GRAND CROSSING —The South Shore Drill Team boarded a chartered bus Monday night before heading to New York to perform for the first time in the Macy's Thanksgiving Parade despite falling short of its fundraising goal.
A goal of $35,000 was set and the nonprofit organization raised $32,014, which included $5,000 from Walgreens and a $1,500 check it received Monday from the McCaffery Interests and Chicago Lakeside Development, said Sara Vlajcic, administrative coordinator for the team.
"It was never any doubt whether we would go or not. I would have put the tab on my credit card if it came to it," Vlajcic said. "I am grateful for the support we received in the 11th hour that really made a difference."
McDonald's also chipped in for the trip, giving the team $600 in McDonald's gift cards. Franchise owner Keith Allen treated the team to dinner at a McDonald's at 6900 S. Lafayette Ave. Monday.
The last-minute donations were welcome, because, as of Friday, the drill team had only raised $16,500 from members paying $300 each.
It's not the first time the drill team has faced money woes to perform out-of-town.
In January, the drill team needed $45,000 to participate in the Presidential Inaugural Parade in Washington, D.C. Three weeks before the parade, contributions poured in. Walgreens and businessmen Timothy and Everett Rand donated $10,000 each and the team ended up raising $50,500.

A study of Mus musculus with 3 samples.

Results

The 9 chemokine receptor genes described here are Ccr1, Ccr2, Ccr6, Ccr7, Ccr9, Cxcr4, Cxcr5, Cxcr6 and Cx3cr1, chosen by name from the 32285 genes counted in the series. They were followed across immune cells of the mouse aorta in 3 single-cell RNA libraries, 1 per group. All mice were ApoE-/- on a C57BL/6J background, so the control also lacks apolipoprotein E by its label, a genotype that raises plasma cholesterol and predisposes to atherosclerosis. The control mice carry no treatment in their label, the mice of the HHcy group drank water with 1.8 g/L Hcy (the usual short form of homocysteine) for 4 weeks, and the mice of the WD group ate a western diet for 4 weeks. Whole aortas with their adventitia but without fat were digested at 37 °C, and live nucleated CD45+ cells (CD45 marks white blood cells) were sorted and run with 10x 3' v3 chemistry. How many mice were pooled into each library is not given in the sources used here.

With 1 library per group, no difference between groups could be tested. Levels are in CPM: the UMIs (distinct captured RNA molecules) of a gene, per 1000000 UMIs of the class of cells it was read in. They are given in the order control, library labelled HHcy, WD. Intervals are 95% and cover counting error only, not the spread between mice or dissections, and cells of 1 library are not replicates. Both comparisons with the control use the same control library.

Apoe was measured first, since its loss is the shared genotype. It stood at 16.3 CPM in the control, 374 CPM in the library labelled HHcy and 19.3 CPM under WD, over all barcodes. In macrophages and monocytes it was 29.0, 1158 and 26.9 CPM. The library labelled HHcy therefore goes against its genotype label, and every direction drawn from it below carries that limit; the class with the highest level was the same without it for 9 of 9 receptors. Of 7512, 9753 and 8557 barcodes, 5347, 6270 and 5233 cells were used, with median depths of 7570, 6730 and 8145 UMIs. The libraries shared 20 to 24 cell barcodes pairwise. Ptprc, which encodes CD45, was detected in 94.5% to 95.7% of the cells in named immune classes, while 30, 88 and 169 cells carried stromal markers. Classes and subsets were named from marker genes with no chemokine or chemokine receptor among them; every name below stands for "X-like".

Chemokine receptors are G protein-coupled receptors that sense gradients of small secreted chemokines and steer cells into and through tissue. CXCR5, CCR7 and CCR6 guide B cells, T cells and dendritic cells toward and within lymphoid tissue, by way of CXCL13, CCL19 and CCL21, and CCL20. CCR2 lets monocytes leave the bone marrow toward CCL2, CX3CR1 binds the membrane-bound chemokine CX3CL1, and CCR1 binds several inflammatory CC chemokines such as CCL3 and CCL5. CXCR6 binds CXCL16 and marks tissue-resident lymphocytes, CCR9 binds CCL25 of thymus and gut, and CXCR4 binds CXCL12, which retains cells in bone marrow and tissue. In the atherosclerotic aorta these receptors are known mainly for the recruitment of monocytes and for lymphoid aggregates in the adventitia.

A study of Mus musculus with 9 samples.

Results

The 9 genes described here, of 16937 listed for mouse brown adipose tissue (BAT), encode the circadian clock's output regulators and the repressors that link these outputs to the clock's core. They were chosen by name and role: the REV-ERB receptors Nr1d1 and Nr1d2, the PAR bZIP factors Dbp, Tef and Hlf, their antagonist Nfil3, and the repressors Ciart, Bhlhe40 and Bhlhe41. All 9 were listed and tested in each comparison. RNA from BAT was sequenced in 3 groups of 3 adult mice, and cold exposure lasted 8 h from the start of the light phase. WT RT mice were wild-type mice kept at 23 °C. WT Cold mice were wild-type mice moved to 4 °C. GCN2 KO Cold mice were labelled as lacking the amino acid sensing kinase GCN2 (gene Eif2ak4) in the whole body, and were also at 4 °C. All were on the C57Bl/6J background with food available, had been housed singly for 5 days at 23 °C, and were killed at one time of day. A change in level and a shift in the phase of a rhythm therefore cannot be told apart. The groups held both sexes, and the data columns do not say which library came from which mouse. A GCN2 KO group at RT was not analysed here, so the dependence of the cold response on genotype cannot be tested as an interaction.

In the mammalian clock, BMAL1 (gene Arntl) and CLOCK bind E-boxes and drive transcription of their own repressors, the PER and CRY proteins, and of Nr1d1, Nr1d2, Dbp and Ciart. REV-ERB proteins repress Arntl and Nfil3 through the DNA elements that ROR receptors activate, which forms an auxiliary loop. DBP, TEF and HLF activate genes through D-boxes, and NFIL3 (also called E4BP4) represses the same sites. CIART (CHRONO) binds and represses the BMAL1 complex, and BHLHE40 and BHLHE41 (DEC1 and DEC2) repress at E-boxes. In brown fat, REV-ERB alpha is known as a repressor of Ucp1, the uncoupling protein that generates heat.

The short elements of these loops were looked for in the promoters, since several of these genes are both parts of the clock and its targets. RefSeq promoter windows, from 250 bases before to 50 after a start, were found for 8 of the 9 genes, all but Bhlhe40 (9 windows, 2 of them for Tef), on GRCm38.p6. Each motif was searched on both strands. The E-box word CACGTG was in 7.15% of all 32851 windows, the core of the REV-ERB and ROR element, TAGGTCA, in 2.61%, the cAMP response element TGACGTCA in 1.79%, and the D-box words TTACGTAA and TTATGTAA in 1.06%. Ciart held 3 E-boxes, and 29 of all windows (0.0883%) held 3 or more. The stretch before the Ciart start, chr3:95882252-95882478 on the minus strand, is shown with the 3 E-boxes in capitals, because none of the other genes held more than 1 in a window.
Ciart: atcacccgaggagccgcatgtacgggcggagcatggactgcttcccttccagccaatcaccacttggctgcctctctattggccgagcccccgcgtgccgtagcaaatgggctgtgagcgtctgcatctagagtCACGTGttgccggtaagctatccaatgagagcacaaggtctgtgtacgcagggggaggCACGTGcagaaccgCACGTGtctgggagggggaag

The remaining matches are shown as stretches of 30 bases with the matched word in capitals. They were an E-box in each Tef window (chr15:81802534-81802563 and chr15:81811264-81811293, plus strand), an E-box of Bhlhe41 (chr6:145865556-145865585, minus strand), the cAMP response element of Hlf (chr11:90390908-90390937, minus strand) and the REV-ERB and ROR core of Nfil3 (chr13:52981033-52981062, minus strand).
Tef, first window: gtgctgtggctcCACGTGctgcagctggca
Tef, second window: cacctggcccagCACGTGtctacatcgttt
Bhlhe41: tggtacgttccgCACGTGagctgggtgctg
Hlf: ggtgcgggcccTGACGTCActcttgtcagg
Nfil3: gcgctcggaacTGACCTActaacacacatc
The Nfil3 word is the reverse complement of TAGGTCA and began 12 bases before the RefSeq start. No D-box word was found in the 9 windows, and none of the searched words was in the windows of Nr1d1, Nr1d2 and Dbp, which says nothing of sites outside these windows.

The drill team was expected to arrive Tuesday in New Jersey where they woud stay at a hotel until Friday morning. The parade kicks off a 8 a.m. Thursday. While in New York, Vlajcic said the team woud tour Times Square and eat at Londel's, a soul-food restaurant in Harlem.
Tamisha Dorsey, a 15-year-old sophomore at Kenwood Academy High School, said she was happy to be going to New York for the first time.
"I have never been to New York and I like crowds so going to New York is perfect for me," Dorsey said Monday. "I like performing in front of people and showing them what I got."
Sophomore Alyce Robeson said what she enjoyed the most about being a drill team member was belonging to an extended family.
"We are like family. We don't just perform together but we are maturing together and experiencing life as teenagers," said the 15-year-old who attends Holy Trinity High School.
Dontay Reese, who represented the drill team at the inauguration in January, said he liked traveling all over the country to perform.
"I hear adults say you should travel when you are young because when you get older you won't have the time or money to do a lot of traveling," Reese said. "So, I am trying to do as much traveling as possible before I get to that point."